A City Remembers the Lost Lives and Heroes of 9/11
By Rebekah Arnold Contributing Writer
With the click of the American fl ag into its base, the Pledge of Allegiance to the fl ag, and the singing of the National Anthem, the solemn crowd gathered in downtown Vidalia refl ected on the event on American soil 19 years ago, on September 11, 2001, that shook our spirits and changed our outlook
upon our world.
cant in the hearts of the American people. This is the number of people who were getting on a fl ight, who were going to work or dropping off school children or taking care of life's errands, and who were fi refi ghters and paramedics arriving on the scene to serve. The horrifi c event took the lives of these people and changed the lives of Americans.
Each year, the City of Vidalia and the Downtown Vidalia Association members remember 9/11 with a ceremony in Meadows Street Park. Under DVA Director Tonya Parker's lead, the Public Works/ESG Department, the Vidalia Fire and Police Departments, the JROTC Thunderbolt Regiment and citizens offer their services for the occasion. This annual ceremony was started in September of 2002.
Captain Carlos Ware, JROTC Senior Army Instructor, introduced Cadet Colonel (C/COL) Jade Kight of Montgomery County High School, who was selected as this year's Thunderbolt Regimen-
The JROTC Thunderbolt Regiment presented the Colors and Cadet Major (C/MAJ) Melody Page led the Pledge. The National Anthem was sung by Kim Ruff and the in- vocation was given
by Vidalia Fire Department (VFD) Capt. Robert Tillman. Vidalia City Manager Nick Overstreet opened the ceremony by stating that, although this year has presented different challenges than previous years 9/11 ceremonies, "We should never forget, never forget, the importance of today in America's history." Overstreet refl ected that from 19 years ago and ongoing through each year, the number 3,263 remains signifi –
Photos by Rebekah Arnold continued from page
mental Commander. The Thunderbolt Regiment program, with instruction held at the Southeastern Early College and Career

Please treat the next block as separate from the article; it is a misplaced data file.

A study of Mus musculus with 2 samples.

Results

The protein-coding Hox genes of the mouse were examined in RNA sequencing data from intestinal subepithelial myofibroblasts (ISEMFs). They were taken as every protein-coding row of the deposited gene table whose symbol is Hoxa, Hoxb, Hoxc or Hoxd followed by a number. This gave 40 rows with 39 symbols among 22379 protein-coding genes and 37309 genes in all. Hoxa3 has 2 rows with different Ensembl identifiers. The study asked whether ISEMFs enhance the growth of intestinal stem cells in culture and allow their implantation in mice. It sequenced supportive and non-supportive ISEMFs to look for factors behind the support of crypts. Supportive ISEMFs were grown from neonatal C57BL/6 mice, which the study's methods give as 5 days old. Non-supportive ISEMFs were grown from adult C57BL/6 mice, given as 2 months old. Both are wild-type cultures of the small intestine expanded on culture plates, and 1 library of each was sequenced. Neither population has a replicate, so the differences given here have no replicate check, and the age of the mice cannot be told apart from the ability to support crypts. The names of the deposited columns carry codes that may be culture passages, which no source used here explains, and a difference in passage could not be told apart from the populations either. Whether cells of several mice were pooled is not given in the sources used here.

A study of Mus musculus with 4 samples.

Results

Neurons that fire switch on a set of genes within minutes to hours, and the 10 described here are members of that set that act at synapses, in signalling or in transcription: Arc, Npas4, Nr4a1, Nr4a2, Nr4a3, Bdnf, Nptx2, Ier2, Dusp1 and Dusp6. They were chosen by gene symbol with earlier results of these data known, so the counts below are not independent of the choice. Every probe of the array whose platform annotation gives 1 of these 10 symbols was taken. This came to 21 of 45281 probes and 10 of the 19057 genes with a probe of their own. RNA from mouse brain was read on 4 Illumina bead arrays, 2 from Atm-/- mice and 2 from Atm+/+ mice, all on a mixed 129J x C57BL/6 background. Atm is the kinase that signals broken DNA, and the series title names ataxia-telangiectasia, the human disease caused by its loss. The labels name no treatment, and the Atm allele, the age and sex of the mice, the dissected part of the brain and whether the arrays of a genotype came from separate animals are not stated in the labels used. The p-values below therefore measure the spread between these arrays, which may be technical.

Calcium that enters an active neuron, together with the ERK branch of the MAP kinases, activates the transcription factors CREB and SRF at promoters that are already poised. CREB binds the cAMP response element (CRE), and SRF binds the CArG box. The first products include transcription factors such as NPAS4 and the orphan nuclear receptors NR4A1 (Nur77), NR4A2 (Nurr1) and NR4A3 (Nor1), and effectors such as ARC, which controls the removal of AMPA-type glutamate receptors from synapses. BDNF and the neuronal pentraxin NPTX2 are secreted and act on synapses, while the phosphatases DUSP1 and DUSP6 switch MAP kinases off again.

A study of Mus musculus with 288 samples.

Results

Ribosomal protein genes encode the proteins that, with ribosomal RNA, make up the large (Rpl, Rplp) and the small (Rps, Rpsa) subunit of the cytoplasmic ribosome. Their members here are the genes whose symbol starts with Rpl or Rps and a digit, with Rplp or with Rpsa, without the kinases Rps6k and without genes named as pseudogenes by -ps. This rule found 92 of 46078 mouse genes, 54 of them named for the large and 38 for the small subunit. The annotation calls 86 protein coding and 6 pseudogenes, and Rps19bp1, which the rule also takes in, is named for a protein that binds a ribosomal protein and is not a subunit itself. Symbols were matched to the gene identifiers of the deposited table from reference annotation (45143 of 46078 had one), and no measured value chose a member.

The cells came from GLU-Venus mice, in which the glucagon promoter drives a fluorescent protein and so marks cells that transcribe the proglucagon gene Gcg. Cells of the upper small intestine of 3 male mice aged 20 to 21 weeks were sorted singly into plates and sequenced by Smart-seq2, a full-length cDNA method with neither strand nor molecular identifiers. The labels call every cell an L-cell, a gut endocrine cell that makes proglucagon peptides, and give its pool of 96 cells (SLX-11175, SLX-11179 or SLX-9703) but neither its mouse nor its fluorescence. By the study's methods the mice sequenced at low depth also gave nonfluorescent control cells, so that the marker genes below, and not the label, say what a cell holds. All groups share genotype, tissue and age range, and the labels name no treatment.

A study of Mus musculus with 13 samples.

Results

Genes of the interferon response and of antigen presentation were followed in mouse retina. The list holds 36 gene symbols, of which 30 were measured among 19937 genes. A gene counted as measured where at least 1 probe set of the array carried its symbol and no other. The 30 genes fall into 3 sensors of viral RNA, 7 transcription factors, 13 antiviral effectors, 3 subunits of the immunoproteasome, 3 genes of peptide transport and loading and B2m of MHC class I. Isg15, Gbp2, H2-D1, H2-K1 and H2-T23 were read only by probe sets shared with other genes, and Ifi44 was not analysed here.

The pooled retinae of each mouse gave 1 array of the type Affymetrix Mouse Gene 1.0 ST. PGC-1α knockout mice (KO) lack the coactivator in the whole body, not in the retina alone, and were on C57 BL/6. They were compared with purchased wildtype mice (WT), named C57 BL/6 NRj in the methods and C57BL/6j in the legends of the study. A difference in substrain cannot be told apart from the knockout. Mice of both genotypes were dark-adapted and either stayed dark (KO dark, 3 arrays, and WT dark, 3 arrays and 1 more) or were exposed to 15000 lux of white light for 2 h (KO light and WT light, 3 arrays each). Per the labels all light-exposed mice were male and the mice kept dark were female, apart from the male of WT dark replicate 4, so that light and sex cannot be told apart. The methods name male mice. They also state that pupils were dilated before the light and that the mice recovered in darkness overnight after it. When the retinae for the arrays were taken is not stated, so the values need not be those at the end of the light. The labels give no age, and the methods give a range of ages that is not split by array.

Academy, is composed of four schools: Montgomery, Toombs, Treutlen and Vi – dalia.
Kight was the speaker for the ceremony. She said, "During hard times many people come together to help others like they did on 9/11. Otherwise this world is constantly fighting. Why does something bad have to happen for the world to realize our need for one another and to come to – gether? During this time the community came to – gether to work toward one single goal, which was to be moral support to those who lost loved ones and to help those who may be hurt." Kight shared the story of two Marines who put on their uniforms to go to the World Trade Center disaster site. By doing so, they saved two people.
Kight continued, "They led by example and made a real difference right then and right there. Why not try to fix what we can? Join me in being a positive in – fluence to those who need it most." Kight reminds her cadets to "lead by example, to speak words of encour –
agement and to be the dif – ference this world needs." Many in the crowd joined in with George Holcomb as he sang "I'm Proud to be an American." The memorial wreath was dedicated and the Freedom Bell was rung 19 times, for each year that has passed since 2001, by firefighters Robert Phelps and James Ray.
After Brewton Parker College Assistant Pro – fessor of Music Dr. Matt Haley played TAPS, and the Thunderbolt Regiment retired the colors, Parker spoke: "This year's an niversary feels a little bit
more difficult because so many of the shared values that brought us together as a country after 9/11, a shared commitment to liberty, di – versity, equality, seem to be under attack. We must take time on this September 11 not only to mourn, but to reflect on the lessons we all learned in the wake of that tragedy." The ceremony's observers spoke quietly with each other as they left the park, thinking of the great loss that fueled great selflessness and courage.